Patrick Colucci explains in Humanist Network News what HumanLight is and why Humanists ought to celebrate it:
HumanLight is a secular holiday on December 23rd. It’s designed to celebrate and express the positive, secular, human values of reason, compassion, humanity and hope. HumanLight illuminates a positive, secular vision of a happy, just and peaceful future for our world, a future which people can build by working together, drawing on the best of our human capacities.
The 23rd was chosen so that it would not conflict with other existing holidays, but would still be in the thick of the holiday season, when many gatherings of friends and family occur and people might be off from work. We’ve always said that it can be celebrated “on or around” December 23, in order to avoid any rigid rules about dates.
Celebrating HumanLight helps build the humanist community. For humanist families with children, it’s very important for kids to understand that the family is part of a larger, supportive community of people with shared values.
That’s all well and good. I love that, in some cases, charitable giving is part of the celebration.
The only problem is that virtually no one actually celebrates it. Not seriously, anyway. Maybe some people who work for Humanist organizations or local Humanist groups, but that’s about it. (Prove me wrong, people. Prove me wrong.)
At first glance, it just seems like a cheesy knockoff of something everyone else just does better. (At second glance… same thing.)
I appreciate the effort. I really do. I like the sentiment. I’m just not going out of my way to do anything for it. If I get together with any local atheists over the holidays, we might jokingly call it Festivus or Solstice party… but we won’t take any of that seriously, either.
The American Humanist Association’s Roy Speckhardt adds to the call for celebrating HumanLight:
HumanLight isn’t an attempt to re-interpret or take the Christ out of Christmas, and it’s certainly not meant to be critical of the holiday. Instead, HumanLight is about celebrating and expressing what fills our lives with love and meaning. Analogous to humanism itself, HumanLight describes what one might do with the holiday; it doesn’t proscribe what one must do. So, these celebrations are the personal choice of the community and they differ from place to place. But no matter how one chooses to celebrate, either at home or in a public event, these celebrations express human values in a positive way that brings people together.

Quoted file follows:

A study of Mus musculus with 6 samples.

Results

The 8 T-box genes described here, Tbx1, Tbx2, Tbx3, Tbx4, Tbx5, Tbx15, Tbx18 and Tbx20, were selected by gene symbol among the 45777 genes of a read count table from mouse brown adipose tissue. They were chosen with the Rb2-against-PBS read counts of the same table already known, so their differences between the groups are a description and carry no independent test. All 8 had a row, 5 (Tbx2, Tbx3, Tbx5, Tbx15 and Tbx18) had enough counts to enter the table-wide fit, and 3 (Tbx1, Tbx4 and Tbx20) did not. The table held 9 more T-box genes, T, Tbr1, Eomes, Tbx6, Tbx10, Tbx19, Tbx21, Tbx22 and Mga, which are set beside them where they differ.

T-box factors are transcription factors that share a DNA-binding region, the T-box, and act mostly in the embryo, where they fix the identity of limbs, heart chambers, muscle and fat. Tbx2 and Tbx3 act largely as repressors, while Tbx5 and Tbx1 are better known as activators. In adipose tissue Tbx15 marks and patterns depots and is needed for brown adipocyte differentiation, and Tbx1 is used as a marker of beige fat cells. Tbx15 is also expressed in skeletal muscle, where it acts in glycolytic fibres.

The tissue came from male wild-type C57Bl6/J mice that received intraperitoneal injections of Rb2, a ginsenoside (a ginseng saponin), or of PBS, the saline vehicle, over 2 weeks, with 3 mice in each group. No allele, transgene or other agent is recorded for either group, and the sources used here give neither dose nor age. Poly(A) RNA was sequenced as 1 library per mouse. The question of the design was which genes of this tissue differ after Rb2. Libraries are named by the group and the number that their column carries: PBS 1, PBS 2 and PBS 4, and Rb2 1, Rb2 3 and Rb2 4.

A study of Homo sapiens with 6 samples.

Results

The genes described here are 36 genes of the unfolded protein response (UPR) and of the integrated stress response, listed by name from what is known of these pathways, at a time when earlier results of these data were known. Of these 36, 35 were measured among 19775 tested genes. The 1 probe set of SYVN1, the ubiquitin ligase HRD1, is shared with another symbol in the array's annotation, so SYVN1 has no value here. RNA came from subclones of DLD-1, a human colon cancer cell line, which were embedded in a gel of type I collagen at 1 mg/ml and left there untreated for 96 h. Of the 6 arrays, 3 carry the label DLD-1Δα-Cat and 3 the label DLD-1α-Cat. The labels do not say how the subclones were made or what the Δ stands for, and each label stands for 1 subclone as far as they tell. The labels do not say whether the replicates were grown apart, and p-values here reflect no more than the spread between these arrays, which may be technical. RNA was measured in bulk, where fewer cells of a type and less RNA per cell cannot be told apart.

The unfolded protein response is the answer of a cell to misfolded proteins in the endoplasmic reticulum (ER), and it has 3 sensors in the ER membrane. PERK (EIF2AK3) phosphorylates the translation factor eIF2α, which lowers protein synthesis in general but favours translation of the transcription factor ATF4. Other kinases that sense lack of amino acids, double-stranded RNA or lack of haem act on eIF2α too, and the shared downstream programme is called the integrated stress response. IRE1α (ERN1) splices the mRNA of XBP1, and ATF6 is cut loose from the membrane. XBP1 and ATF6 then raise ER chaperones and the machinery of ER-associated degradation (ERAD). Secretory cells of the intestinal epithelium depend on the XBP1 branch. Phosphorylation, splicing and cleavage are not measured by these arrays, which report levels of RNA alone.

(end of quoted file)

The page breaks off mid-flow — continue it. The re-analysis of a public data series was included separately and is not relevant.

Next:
In other words, if you do anything to celebrate the people around you… or life in general… around this time of year… just call it HumanLight. The vagueness makes it that much harder to form consensus around.
Why not just celebrate being around friends or family without a special name for the occasion?
The Council for Secular Humanism’s Tom Flynn believes Secular Humanists should avoid any celebration of the winter solstice or HumanLight for a number of reasons:
… First, celebrations of the winter solstice have deep roots in a spectrum of European pagan traditions. Atheists, humanists, and freethinkers aren’t just not Christian, they respectfully reject all religions, living and dead. As I say in my book “The Trouble with Christmas,” “If we are not Christians, we are not pagans either.”
Secondly, it devalues our commitment to a clear-eyed, rational understanding of science when we attach quasi-mystical significance to what is actually a thoroughly mundane astronomical event. Yes, after the solstice the days will get longer. South of the equator, they’ll get shorter. So what?
I’m on board with that. Celebrating the winter solstice makes as much sense as celebrating 12-12-12. You can do it, but you should know there’s nothing all that special about it. (For what it’s worth, HumanLight isn’t explicitly a celebration of the winter solstice.)
Where Flynn loses me is Reason #5:
Fifth, nonreligious people make themselves disappear when they cling to a “me too” holiday so as not to be seen with nothing special to do towards the end of December. We’d further increase our visibility by ignoring the holiday and pressing our employers to leave the office open on December 25.
That’s an easy thing to say when you work at the Council for Secular Humanism. Not so much when you work just about anywhere else. (Saying “Boss, don’t give us the day off!” will improve your social life as much as saying, “Teacher, you forgot to give us homework!”)
As I said before, I don’t have a problem with anyone who (for real) celebrates HumanLight. It’s well-intentioned. But it just seems unnecessary.